The coronavirus has more than halved the profits of some major banks, but one challenger can sniff an opportunity.
As the big four brace for a massive spike in bad loans, neo bank 84 600 is setting its sights on an aggressive expansion.
Since the bank started offering mortgages in December, Australians have borrowed $20 million of home loans from the digital-only challenger.
In an interview with The New Daily, 86 400 chief executive Robert Bell said the bank plans to have $2 billion of home loans on its books by the end of 2021.
Although the property market is struggling under the weight of the pandemic, Mr Bell said the bank’s focus on refinancing, coupled with its entirely digital mortgage application process, meant it was well positioned to achieve its 2021 target.
“The reality is the market for loans today is smaller than what it was [before the coronavirus], but because we’re new, because we’re really competitive, because we’re digital, we don’t see that having a big impact on us,” Mr Bell said.
The bank, which is majority owned by payments processor Cuscal and was granted a banking licence in July 2019, provides home loans via a network of 2500 mortgage brokers.
Rather than ask applicants to submit payslips and rental statements, the bank takes a snapshot of 12 months of transactions across all their accounts and categorises all their expenses and incomes.
It then conducts a desk-based property valuation, and makes a decision based on all the data it gathers.
“There’s only one document they have to physically sign, and that’s because the state governments in most states require one document to be physically signed,” Mr Bell said.
“From application to approval, the fastest we’ve done so far is about two hours. It’s generally within 24 hours, which is an incredible experience for the brokers.”
The application process is one of several features that Mr Bell believes makes the bank an attractive proposition to customers looking to refinance – a group that makes up 70 per cent of today’s new home loan market, according to recent spending data from illion and AlphaBeta.
Among other things, 86 400 sends customers bill alerts, displays money held in other accounts, and provides a free service called Energy Switch that scans a customer’s energy bill, cross references it against thousands of other bills, and lets them know if they could get a better deal elsewhere.
“It’s really hard to chase the highest savings interest rate, and you might be earning only $2 or $3 extra interest a year … but if you cancel a $15-a-month subscription, that’s $150 a year done, so [the upcoming bill predictor] is getting a lot of usage,” Mr Bell said.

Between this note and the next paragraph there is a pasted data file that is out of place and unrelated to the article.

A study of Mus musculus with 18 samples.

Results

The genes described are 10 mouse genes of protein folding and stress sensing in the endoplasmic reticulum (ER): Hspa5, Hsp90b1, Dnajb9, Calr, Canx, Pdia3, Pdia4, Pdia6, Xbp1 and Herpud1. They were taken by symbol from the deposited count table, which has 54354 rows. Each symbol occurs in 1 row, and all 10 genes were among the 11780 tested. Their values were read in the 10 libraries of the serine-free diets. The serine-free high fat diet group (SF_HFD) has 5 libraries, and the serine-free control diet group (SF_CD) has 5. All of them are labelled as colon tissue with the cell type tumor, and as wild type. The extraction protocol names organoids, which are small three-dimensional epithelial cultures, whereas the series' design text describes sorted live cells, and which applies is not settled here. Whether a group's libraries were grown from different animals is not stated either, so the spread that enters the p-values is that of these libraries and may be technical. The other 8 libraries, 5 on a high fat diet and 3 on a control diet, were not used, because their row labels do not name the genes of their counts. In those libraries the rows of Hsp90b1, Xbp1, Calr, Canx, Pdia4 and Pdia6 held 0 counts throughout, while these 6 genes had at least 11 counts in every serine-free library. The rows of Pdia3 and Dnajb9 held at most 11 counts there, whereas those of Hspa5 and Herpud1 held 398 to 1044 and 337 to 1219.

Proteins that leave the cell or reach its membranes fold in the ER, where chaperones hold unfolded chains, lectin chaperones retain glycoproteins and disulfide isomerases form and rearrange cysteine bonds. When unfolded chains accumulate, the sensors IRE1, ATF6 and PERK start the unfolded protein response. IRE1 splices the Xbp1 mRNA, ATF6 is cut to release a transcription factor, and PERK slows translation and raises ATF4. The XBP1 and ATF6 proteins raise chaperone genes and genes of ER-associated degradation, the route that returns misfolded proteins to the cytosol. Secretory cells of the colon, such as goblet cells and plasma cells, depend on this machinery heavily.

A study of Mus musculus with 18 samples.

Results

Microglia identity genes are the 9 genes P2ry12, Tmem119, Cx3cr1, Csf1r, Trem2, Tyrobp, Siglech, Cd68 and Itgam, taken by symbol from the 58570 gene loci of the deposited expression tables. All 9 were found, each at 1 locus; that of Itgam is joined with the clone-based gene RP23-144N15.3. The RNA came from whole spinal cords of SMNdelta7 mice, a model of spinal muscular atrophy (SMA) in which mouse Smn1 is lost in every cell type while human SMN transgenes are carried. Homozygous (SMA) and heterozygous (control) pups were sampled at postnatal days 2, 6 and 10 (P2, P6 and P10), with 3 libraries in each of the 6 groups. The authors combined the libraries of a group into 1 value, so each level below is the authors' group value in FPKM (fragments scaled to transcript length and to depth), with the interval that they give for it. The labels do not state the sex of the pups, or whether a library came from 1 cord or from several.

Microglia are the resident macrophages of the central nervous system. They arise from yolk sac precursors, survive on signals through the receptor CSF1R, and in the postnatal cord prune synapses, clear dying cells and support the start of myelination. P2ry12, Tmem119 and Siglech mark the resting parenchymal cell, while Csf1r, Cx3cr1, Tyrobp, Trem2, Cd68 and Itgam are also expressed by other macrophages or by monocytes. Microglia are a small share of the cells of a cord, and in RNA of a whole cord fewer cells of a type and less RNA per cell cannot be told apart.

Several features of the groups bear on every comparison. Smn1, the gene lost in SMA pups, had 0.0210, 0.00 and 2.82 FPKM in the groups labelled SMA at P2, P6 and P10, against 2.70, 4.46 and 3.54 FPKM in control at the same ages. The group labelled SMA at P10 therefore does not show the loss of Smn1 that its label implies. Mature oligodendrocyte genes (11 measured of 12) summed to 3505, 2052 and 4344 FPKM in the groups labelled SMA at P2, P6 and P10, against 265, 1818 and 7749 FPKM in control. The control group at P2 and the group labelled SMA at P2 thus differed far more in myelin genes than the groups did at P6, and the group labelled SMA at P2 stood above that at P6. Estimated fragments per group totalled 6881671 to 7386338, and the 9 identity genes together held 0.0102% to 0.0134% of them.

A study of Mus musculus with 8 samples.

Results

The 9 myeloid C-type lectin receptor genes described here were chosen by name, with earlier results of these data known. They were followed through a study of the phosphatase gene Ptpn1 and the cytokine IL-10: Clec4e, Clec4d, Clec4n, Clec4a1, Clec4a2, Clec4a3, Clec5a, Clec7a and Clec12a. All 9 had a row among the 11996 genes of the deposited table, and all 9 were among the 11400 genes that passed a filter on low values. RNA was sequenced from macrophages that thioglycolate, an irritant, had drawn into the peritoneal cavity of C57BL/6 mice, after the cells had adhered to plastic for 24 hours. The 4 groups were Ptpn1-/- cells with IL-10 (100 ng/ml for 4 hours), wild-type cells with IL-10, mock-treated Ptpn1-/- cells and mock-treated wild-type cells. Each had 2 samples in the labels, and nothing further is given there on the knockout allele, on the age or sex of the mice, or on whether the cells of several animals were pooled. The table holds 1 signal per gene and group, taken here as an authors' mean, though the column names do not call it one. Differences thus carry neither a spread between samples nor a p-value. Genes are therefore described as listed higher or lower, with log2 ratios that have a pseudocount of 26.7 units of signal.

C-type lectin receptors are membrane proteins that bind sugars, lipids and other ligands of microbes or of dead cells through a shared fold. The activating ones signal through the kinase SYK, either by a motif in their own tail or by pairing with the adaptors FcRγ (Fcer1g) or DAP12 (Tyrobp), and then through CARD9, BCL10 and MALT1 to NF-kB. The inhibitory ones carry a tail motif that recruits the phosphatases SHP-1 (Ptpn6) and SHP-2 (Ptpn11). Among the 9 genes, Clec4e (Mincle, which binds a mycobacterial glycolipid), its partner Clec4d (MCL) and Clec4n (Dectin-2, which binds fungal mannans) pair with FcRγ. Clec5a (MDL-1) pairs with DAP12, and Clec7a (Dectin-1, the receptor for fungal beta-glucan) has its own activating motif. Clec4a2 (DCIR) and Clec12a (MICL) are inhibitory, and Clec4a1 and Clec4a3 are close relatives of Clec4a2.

Alongside a competitive savings rate of up to 1.85 per cent per annum, these features give 86 400 the edge over its competitors, Mr Bell said.
Which is perhaps why more than 170,000 account holders have entrusted the bank with almost $250 million of savings since it received its licence.
Mr Bell is confident the bank will continue growing throughout the pandemic, but the unfolding economic crisis could prove a challenge in one key area.
Last month, Morgan Stanley helped the bank raise $35 million from investors, taking the bank’s total capital raising to $90 million and bringing onto its shareholder register a superannuation fund, high-net-worth individuals, fund managers and family offices.
But because of strict capital requirements introduced after the global financial crisis, 86 400 might need investors to plough a further $200 million into the bank over the next couple of years – at a time when COVID-19 has rattled financial markets.
“It was probably a bit harder than it would have been if it [had taken place] three months earlier, but the investors that we’d brought on board, we’d been talking to for over a year anyway, so they understand the story,” Mr Bell said of the latest funding round.
“And the story hasn’t changed in terms of the absolute need for an alternative banking pathway for customers in Australia … for a bank that’s agile, uses modern technology, and has a really efficient cost base.”